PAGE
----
He also told me to stop using dusting sprays, especially the scented kind, because they can affect seasonal allergies too. He told me the absolute best dusting spray to use is plain, old fashioned water.
I cleaned and filled an empty spray bottle with water, sprayed it onto a piece of an old towel I cut up to use as dust rags, and was amazed (and kinda grossed out) and how much dust plain water on a rag picked up from a surface that didn’t look dirty or dusty. Oh, and the price is right too!
1. Pick up items from surfaces, the floor, nightstands chairs, etc. first.
2. Start cleaning and dusting from the top of the room and work your way down. This way any dust from say, wiping down wall decorations, falls onto the floor and furniture you haven’t cleaned yet instead of onto clean lower surfaces you will need to clean a second time from dust falling from high surfaces onto the lower surfaces.
3. Wash and remove curtains and window treatments. Wash/dust the windows and windowsills while everything is in the washing machine.
4. Dust the walls and any art or items you have hanging on the walls such as decorative shelving. I spray water onto an O Cedar mop with washable pads like this one and use it to dust the walls of my bedroom. For the tops of our armoires, nightstands, and artwork, I spray water onto a dust rag and go to town.
5. Dust/clean the light fixtures and switches. Make sure you do this while the light and switches are turned off!
6. Dust and declutter the tops of dressers, armoires, nightstands, headboards etc. if you did not do this in Suggestion 1.
7. Strip everything from the bed and wash it in the washing machine from the bottom up. Mattress pad, sheets, blankets, comforter, and pillows. If you have bed linens that are bigger than your washing machine at home, you may need to take a trip to a laundry mat to do this. Don’t skip this step! 90% of the time when my dust allergies are going into overdrive due to the a buttoned up winter house, stripping and washing the bed linens is a major source of relief.
8. After stripping the bed, pull out the sweeper and vacuum the bare mattress to remove trapped dust mites, skin flakes, etc. If you don’t already have an allergy mattress cover (you can find them here) on your mattress I highly recommend getting one for your mattress and also putting allergy pillow covers like these on your bed pillows because they really do make a difference!
When my allergist suggested using allergy mattress and pillow covers I thought it was more of a money grab expense (he gave me a stack of flyers of allergy free stuff I should buy after my test results) than something I would find helpful but spring pollen allergy overdrive made me desperate to try the covers so I did. He was right and I was wrong. I could tell the difference almost immediately.
Don’t be me.
9. Flip the mattress. This will even out the wear and tear on your mattress and make it last longer. I have a pillow top mattress and it is fine to sleep on when I flip it with help from my husband (we have a king size bed) to the non pillow top side 6 months out of the year.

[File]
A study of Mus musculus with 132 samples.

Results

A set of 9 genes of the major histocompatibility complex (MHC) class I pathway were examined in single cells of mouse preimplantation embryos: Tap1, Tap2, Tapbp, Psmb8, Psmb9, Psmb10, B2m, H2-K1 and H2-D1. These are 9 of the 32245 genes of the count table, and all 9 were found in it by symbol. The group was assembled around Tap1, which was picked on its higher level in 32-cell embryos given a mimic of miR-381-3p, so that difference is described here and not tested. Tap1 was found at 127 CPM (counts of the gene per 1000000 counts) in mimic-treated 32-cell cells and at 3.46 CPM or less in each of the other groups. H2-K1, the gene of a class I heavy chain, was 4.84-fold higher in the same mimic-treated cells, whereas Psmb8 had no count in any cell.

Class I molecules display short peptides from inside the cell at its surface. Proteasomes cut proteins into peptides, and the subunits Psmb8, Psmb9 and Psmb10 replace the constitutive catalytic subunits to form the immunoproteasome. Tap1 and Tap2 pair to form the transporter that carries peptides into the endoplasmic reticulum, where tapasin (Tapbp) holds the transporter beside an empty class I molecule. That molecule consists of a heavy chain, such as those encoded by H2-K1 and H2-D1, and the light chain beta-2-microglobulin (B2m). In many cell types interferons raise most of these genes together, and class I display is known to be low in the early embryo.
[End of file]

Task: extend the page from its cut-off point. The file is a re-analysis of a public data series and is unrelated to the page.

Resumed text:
10. Wash any throw rugs in the washing machine if applicable.
11. Move the furniture when possible and damp mop hardwood floors deep vacuum and consider shampooing the carpeting if you have it in your bedroom. Wall to wall carpeting is fantastic at trapping dust and dirt which is why most allergists recommend you remove it (including mine.)
Why do I have carpet in my bedroom? It came with the house. It is still in good condition, and would be a major project to replace on a whim that would most likely require a bazillion “one last trip to the home improvement store” (that all of my DIY projects seem to take) that we’re currently not comfortable making right now. For now, the carpeting stays.
In the meantime we bought a replacement battery for our Roomba from Amazon and promoted Red to Upstairs Maid (because it sounds more Downton Abby than the Robot Vacuum that is Lower Profile and Sweeps Under the Bed and Furniture unlike our larger Pet hair BobSweep.) I run Red daily in the bed room (Bob takes care of the living room at night when we’re sleeping) and deep sweep with the vacuum cleaner weekly (in theory)
12. If you have an air purifier, check and change the filters. You might also consider changing the air purifier and HVAC filters more often than recommended during high seasonal allergy times. We have a Honeywell HEPA Air Purifier (learn more about it here) that has two filters, a HEPA filter they say to change yearly and a prefilter (I buy it at a discount using Amazon Subscribe & Save) they suggest changing every 3 months that catches the big stuff like dust, pollen and bed dander. I change the prefilter monthly since the allergens it is supposed to catch change with the seasons, just to keep life interesting.
13. Wash, dust, clean anything else in your bedroom that I may have missed on this list. In our case that is Lacey’s Molly Mutt dog bed (you can get the details here.)